The Modifications

The audio output of the Meowsic PCB runs to the on-board speaker. This project intercepts that signal and brings it down to a suitable level for use with guitar pedals and amps.

This includes adding a 100K Ω potentiometer for signal attenuation, 100K Ω resistor to limit current, and a 10µF capacitor is used to remove the DC offset so the audio signal is centered around 0V.

You'll also add a dual-throw switch that lets you pick between the original on-board speaker and the line output.

Open the Cat Piano

Remove all 21 of the screws from the back of the piano to open it up.

Open the back from the top, being mindful not to pull on the wires that connect the battery box to the board.

Audio Out

You'll intercept the audio output of the Meowsic PCB to run through the switch, attenuator, and output jack you'll be adding.

This red wire running to the speaker is the audio out line, you can desolder this wire from the speaker now.


You'll solder the ground wire for the added circuit to this center common pin on the Meowsic on/off switch.

Parts Sub-Assemblies

Selector Switch

Solder three wires to the SPDT switch -- you'll connect the common line to the audio output of the Meowsic PCB, one outer leg back to the speaker, and the other leg to the resistor-attenuator-capacitor output circuit.

Optionally, you can use a guitar pedal-style 3PDT stomp switch here, such as this one, seen in the remaining photos in this guide.


It's helpful to have a way to adjust the output level when interfacing with other gear. You'll used a 100KΩ potentiometer as a signal attenuator. You can wire it up as shown, with ground on the left leg, the incoming audio signal (post switch and current limiting resistor) on the right leg, and the attenuated output audio signal on the center wiper leg.

Output Jack

You have a few options for the output jack. A typical guitar pedal/amp setup will use a 1/4" mono jack. 

You can also move down to a very similar 1/8" (a.k.a., 3.5mm) mono jack, shown here. Solder the ground wire to the sleeve contact (the shorter one). Solder the signal wire to the tip contact (the longer one).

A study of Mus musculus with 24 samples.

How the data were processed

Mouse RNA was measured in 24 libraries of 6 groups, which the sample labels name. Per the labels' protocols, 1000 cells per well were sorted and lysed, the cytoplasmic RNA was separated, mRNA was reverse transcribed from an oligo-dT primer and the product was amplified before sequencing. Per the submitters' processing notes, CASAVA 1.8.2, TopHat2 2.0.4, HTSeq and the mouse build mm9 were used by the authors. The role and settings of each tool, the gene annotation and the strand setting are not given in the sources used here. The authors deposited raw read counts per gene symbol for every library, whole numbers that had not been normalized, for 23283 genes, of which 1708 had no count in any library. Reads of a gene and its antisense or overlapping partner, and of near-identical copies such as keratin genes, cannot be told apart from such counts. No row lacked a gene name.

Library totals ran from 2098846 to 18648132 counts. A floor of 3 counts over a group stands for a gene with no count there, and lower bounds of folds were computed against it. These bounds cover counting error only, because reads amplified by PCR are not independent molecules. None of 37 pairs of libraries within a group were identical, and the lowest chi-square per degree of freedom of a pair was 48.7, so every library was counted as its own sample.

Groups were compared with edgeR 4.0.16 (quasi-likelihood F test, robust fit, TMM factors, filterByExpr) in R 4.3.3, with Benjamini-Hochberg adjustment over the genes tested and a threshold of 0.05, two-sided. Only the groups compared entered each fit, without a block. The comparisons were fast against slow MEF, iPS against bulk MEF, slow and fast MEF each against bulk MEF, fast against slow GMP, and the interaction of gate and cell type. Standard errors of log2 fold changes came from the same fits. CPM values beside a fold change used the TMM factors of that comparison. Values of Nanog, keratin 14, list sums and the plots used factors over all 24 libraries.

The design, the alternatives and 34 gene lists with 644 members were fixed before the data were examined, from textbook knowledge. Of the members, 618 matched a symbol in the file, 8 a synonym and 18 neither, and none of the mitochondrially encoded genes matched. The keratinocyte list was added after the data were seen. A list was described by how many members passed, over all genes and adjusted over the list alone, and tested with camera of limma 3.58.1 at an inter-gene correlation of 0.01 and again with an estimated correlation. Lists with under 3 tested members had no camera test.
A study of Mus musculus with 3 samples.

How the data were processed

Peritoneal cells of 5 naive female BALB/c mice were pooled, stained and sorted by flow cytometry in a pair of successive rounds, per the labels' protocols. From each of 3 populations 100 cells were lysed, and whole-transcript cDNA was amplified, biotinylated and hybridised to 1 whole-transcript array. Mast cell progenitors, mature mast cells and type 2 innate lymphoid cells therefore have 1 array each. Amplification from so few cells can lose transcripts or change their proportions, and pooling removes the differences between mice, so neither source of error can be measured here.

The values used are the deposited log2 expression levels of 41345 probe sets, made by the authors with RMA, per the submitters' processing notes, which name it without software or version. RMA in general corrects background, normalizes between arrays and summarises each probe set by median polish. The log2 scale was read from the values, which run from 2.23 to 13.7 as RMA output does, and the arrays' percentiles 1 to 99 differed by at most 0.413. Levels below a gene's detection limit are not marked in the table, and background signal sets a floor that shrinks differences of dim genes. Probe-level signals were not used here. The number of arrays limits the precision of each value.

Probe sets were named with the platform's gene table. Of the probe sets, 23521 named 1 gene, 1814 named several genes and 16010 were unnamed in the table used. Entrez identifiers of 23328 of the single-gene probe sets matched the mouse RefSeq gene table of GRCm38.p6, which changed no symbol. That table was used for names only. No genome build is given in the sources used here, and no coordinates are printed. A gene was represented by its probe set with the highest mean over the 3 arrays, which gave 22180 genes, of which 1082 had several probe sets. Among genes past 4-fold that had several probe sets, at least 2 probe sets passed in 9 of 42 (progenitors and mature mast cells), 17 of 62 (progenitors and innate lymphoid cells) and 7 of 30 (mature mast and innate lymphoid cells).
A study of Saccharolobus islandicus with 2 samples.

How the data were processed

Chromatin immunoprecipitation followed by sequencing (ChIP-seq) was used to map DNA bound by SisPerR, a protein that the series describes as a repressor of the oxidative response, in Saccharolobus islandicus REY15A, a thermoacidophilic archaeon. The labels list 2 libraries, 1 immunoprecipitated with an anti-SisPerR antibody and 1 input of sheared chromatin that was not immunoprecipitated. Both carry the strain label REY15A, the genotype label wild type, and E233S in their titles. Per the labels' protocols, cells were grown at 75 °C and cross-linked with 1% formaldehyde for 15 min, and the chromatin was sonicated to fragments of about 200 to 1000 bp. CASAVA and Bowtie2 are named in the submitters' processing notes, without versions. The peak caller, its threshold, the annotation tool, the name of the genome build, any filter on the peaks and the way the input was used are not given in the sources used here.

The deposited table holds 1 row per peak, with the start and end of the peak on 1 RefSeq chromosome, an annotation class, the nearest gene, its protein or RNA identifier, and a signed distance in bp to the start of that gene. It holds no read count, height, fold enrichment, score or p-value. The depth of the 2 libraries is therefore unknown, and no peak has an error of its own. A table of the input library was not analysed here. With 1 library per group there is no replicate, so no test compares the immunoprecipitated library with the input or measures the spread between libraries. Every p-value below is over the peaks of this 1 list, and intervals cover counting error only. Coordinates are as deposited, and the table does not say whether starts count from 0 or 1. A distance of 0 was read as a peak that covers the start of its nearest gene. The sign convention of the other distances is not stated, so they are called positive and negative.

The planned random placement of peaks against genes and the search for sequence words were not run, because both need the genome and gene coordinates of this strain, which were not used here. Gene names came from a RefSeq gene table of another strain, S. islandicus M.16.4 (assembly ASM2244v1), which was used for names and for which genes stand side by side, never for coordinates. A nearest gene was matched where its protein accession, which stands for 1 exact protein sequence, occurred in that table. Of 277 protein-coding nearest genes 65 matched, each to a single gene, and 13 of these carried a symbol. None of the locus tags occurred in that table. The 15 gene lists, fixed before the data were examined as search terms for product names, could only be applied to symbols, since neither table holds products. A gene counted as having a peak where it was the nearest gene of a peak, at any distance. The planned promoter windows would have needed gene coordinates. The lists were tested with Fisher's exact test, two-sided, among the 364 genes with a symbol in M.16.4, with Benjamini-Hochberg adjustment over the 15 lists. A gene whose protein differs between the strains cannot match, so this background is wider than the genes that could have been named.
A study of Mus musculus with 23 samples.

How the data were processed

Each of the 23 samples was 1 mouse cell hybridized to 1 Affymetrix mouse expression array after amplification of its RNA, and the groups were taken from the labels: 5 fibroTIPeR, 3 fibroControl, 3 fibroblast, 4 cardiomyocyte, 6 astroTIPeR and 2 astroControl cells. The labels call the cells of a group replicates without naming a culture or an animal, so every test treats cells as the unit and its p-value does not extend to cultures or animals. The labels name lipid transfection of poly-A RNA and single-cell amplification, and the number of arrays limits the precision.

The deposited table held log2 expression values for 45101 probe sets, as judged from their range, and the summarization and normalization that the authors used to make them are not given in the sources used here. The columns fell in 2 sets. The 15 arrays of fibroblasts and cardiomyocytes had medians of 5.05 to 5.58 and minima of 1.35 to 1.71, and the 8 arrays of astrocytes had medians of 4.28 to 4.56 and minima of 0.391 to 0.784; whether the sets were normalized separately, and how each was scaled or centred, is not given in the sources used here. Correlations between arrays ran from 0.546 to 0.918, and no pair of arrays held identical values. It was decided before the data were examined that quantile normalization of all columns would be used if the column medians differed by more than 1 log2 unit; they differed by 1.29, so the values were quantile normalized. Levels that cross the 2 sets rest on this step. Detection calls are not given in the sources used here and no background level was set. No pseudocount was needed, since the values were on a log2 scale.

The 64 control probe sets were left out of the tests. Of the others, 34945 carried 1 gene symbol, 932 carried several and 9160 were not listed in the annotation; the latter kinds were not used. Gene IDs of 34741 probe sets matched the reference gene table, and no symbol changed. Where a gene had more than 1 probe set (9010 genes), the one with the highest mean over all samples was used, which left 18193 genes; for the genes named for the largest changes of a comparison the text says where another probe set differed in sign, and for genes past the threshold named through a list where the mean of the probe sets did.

One other option, if you plan to plug into more typical 3.5mm jacks on powered speakers, is to use a 3.5mm stereo jack with both of the tip and ring legs soldered to the signal wire, and sleeve to ground.


You can use a small PermaProto board to make all of the connections and add the 100KΩ resistor and 10µF capacitor to the circuit as shown here and in the Fritzing diagram and schematic.

Note: the two thin black wires in the first photo are unnecessary -- I soldered in both a 1/4" jack and 3.5mm jack, hence the extra connection.

Use an existing screw from the Stop button to mount the board in the case.

Be careful drilling holes in the plastic and please use eye protection.


Use a drill and appropriate sized bits (or a hole reamer) to make holes in the Meowsic case for the switch, knob, and jack.

Audio Jack Mounting

Mark and drill a hole for your chosen audio jack.

Potentiometer Mounting

Mark and drill a hole for your potentiometer. You'll also need to make a small secondary hold for the tab that prevents the body of the potentiometer from rotating.

You can find this second hole's position by putting the pot in from the outside and marking the cat's paint with some pressure on the small tab.


Screw on the potentiometer nut, then add the knob of your choice to the potentiometer shaft.

Here's a look at all the mods in place.


Plug your guitar cable into the cat, add a pedal or two, and crank that amp. It's cat piano time.

This guide was first published on Feb 22, 2023. It was last updated on Feb 22, 2023.

This page (Mod the Meowsic) was last updated on Feb 19, 2023.